July 24, 2016

Column #656

American Mah Jongg (NMJL card). "Hold" and "call waiting" were terms used in telephony, or so I thought. But there are players who use the term "hold" to mean "I'll take that tile," and that's just wrong. I've had a lot of students ask me about this. I don't know if it's just an L.A. thing, or if it's nationwide.

There are two things to discuss here: the English language, and American mah-jongg terminology. No, three things: etiquette also needs to be discussed.

The English language meaning of the word "hold"
"Hold" means "pause," or "wait." Nothing in the word indicates "I desire to take that object" or "I am collecting that kind of object." So, while I have heard the term "hold" used a lot in mah-jongg, it was never used to mean those things until recently. In the not-so-distant past, the term "hold" (when used during a mah-jongg game) was used to mean "everybody pause for a moment while I decide if I wish to take that discard... or not." Heck, I even played with a man who, nervous to be among the supposedly fearsomely skilled players of my group, would shout "STOP!" whenever a discard went out that he needed to think about (and it seemed sometimes that every other discard met that criterion). It jarred us all terribly, causing hearts to jump and nerves to fray. But I'm going off topic.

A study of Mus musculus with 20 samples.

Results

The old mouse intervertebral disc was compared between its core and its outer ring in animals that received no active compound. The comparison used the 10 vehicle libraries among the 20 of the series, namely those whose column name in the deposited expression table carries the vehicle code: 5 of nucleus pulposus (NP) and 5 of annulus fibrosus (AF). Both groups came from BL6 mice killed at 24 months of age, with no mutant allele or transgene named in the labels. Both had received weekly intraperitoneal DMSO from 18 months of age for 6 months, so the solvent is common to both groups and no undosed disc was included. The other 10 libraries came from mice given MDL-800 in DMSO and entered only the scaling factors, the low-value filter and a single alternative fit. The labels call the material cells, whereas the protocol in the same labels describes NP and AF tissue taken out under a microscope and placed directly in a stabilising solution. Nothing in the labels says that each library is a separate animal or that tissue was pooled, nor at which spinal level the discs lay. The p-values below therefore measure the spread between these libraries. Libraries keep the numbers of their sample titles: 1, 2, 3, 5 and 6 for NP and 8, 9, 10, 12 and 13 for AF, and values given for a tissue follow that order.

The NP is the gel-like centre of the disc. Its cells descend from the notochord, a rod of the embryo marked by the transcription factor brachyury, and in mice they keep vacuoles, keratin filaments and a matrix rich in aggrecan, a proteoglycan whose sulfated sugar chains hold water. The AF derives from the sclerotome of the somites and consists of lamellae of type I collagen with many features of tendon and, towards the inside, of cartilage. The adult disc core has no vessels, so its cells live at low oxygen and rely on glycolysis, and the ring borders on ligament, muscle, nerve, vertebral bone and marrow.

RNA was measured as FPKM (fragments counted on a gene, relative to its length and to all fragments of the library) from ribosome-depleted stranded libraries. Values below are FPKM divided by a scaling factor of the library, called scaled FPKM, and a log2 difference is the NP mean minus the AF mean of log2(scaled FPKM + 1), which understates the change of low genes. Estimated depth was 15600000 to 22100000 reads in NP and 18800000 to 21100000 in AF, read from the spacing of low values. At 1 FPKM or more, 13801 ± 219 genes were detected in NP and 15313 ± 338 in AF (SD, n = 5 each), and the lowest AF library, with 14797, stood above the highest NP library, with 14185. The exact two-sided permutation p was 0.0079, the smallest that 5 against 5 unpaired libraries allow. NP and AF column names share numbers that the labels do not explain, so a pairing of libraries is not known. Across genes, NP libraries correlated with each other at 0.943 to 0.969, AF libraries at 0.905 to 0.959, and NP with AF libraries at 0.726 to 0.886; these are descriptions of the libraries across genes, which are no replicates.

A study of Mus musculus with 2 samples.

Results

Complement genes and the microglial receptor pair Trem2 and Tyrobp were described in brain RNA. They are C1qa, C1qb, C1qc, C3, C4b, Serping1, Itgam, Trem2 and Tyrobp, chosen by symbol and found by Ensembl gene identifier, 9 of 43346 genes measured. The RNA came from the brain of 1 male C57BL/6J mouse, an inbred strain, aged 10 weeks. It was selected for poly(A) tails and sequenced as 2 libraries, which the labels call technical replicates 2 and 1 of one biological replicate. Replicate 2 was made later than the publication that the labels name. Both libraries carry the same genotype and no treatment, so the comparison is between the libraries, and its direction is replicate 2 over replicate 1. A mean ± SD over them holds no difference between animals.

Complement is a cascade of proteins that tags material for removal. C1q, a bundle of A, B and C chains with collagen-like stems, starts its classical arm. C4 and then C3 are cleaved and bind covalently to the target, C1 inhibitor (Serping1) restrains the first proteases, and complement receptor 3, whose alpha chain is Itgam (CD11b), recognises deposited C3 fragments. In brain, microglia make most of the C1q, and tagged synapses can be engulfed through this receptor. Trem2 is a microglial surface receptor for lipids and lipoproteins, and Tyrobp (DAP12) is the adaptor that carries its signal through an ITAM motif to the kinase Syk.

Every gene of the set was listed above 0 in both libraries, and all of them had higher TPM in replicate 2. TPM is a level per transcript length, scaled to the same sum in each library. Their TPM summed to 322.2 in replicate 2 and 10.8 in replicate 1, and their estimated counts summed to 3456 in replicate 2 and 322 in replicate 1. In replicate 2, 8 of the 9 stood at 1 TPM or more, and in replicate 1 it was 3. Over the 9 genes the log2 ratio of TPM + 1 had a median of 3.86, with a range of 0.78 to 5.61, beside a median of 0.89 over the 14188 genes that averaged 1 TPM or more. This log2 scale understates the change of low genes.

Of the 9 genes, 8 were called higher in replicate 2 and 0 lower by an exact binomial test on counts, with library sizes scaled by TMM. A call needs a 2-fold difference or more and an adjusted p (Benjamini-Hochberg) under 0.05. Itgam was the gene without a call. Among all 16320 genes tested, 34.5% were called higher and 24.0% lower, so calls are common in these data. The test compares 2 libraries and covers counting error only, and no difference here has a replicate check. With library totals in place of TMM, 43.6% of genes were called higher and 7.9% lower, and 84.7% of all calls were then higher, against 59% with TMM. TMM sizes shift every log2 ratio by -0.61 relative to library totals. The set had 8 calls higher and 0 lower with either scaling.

The correct American mah-jongg terminology
The League rarely issues new rules, but they did issue one this year. On the 2016 card, it expressly says that players must verbalize the call, saying (for example), "call," "take," "I want that," etc. These specified terms clearly communicate the claim for the discard. "Hold" does nothing of the kind. You want to take a discard? You're required to say so.

It's best to be decisive, and say "I'll take that," but it might not be unreasonable (occasionally) to request a moment to think. You want the rest of us to wait while you decide if you want to make that call or not; that's understandable. You can say "hold" (or "stop" or "wait") once in a while, but then you need to say either "I'll take that" or "never mind."

This column is part 6 of an occasional series on "words." See also columns 353, 460, 463, 477, and 502.